Syria: On a bitter anniversary, a little girl stands with Syria
“When my whole family was there and I was going to school like a normal, happy person I was happy like myself, like the real Lily. But as the film got dark I got really emotional: what that little girl had to go through was nothing like my life, her life was nerve-racking and scary.”
Lily-Rose, named for two flowers, has an anniversary coming up, but unlike the one we mark today, hers is a celebration. On Wednesday, she’ll be 11, although she looks younger: the girl she plays in our Second a Day film turns ten at the film’s end, although that anniversary isn’t quite a celebration, either.
That 93-second film has now been seen by over 25 million people, and rising: its depiction of a child’s life crumbling from normality into chaos as the kind of conflict we think only happens over ‘there’ explodes ‘here’ clearly hit home, in every sense. Lily doesn’t know much about Syria, apart from that it’s near Turkey (her father is Turkish), but she does understand that children are suffering there, and she wishes they weren’t.
“I think Syria’s children are finding it hard to cope,” she says, when asked how she thinks they feel. “But I don’t really know, because nothing bad is happening to me at the moment, touch wood, so it was hard, in the film, to act as if my life was terrible and I was really sad.”
Nothing bad is happening to her. That’s as it should be. She is a child. She wants to make more films, maybe do voiceover for a feature-length cartoon; she has the excitement of starring in a film that has gone viral and assorted other acting and modelling jobs to look forward to in her immediate future, as well as the more usual youthful pursuits of school, friends and family.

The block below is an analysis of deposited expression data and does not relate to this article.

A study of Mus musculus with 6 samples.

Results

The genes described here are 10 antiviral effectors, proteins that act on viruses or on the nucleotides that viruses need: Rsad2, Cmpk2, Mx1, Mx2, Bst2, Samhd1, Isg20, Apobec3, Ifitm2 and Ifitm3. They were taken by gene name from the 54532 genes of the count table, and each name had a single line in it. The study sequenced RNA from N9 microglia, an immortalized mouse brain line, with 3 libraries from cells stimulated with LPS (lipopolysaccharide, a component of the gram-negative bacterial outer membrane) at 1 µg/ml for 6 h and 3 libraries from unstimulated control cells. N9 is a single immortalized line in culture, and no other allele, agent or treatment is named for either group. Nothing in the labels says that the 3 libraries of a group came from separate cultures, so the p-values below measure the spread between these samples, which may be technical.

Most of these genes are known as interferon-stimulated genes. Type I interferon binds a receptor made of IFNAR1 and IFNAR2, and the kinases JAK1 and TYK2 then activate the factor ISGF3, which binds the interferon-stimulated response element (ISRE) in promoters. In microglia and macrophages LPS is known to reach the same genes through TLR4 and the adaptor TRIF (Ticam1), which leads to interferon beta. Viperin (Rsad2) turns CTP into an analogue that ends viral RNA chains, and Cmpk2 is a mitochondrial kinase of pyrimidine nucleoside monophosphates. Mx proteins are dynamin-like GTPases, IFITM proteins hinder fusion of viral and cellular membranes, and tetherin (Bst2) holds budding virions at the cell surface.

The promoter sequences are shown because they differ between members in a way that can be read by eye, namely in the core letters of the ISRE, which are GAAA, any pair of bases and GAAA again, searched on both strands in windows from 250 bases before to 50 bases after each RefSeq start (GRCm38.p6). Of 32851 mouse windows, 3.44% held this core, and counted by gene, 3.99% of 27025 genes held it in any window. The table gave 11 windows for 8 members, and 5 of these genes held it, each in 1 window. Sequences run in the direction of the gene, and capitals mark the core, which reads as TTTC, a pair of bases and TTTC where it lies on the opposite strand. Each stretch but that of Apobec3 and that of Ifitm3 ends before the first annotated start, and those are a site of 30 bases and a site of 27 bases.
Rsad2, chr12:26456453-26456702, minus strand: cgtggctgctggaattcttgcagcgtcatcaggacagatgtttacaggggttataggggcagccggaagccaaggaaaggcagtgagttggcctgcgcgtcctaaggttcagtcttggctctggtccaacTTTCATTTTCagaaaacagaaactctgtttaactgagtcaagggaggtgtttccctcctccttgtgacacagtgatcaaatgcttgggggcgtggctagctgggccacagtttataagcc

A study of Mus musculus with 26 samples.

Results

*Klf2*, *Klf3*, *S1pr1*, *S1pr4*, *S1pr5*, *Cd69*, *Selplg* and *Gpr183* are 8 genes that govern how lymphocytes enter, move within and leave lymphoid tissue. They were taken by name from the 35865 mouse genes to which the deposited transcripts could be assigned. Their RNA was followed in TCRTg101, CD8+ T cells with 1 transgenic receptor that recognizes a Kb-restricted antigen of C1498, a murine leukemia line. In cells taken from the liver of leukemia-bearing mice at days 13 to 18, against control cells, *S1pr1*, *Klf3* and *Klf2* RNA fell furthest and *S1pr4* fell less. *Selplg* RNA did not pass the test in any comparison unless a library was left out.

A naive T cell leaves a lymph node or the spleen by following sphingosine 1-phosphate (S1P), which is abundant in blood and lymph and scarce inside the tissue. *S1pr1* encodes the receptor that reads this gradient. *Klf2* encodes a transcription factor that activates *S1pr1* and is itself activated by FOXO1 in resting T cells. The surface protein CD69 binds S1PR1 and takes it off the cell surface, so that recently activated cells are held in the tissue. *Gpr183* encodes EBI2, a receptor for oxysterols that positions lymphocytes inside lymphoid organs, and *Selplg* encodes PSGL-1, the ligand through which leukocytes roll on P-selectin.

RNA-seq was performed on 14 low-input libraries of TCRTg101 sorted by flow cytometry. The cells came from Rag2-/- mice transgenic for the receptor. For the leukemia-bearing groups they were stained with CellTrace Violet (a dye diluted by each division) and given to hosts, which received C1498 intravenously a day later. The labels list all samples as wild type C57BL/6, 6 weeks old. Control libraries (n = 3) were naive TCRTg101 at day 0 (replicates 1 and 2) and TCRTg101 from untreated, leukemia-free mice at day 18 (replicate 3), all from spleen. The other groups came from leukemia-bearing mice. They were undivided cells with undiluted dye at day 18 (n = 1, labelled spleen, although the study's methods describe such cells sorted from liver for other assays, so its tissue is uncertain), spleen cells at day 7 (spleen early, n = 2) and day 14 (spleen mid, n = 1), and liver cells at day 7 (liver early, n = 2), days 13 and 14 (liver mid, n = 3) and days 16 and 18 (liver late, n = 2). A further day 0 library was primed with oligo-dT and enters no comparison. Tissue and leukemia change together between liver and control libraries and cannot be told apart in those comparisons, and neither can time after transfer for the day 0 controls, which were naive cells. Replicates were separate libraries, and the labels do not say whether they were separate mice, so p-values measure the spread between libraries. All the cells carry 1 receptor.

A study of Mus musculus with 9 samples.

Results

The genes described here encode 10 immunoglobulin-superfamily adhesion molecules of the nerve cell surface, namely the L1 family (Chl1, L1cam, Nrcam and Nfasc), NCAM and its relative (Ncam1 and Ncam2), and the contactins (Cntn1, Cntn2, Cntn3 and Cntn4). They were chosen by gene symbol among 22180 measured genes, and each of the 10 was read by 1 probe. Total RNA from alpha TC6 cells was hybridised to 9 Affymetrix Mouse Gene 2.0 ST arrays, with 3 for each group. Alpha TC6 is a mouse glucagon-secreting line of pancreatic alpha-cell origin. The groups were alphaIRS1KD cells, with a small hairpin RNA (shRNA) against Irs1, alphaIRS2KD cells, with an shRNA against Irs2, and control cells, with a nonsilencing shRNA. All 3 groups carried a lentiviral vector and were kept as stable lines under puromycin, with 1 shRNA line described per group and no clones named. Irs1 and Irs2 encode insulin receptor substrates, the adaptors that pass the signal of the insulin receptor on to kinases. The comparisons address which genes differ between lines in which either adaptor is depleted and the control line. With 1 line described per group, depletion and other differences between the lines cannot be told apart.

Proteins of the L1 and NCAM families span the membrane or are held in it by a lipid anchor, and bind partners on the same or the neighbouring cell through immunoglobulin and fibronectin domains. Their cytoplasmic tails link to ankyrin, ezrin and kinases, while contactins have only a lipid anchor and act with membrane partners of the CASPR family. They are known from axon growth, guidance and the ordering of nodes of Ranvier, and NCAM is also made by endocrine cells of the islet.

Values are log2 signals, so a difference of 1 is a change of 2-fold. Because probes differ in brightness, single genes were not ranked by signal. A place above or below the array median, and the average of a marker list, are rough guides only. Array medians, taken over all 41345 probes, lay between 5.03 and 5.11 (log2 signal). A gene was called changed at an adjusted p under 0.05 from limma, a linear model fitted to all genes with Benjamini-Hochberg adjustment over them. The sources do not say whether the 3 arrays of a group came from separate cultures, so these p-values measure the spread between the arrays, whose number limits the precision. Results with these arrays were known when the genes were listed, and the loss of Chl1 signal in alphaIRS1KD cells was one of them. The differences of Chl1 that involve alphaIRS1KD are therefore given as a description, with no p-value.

Syria’s children are deprived of most if not all of those ordinary childhood pleasures. They are hungry or lonely, lying sick without medicine or stranded in an alien land with inadequate shelter; they have insufficient schooling and no idea what will become of them.
Today marks three years of this conflict – three years of harm wreaked on children, with schools targeted, a food supply in ruins and a health system in tatters. At a global vigil on Thursday, we all lit candles, like Lily’s despairing mother at our film’s end; like hers, ours are pitifully inadequate to the occasion. All those candles, and still no glimmer of light for Syria. Let’s hope we aren’t still holding vigils for another year’s worth of victims this time next year. Today is a bitter anniversary.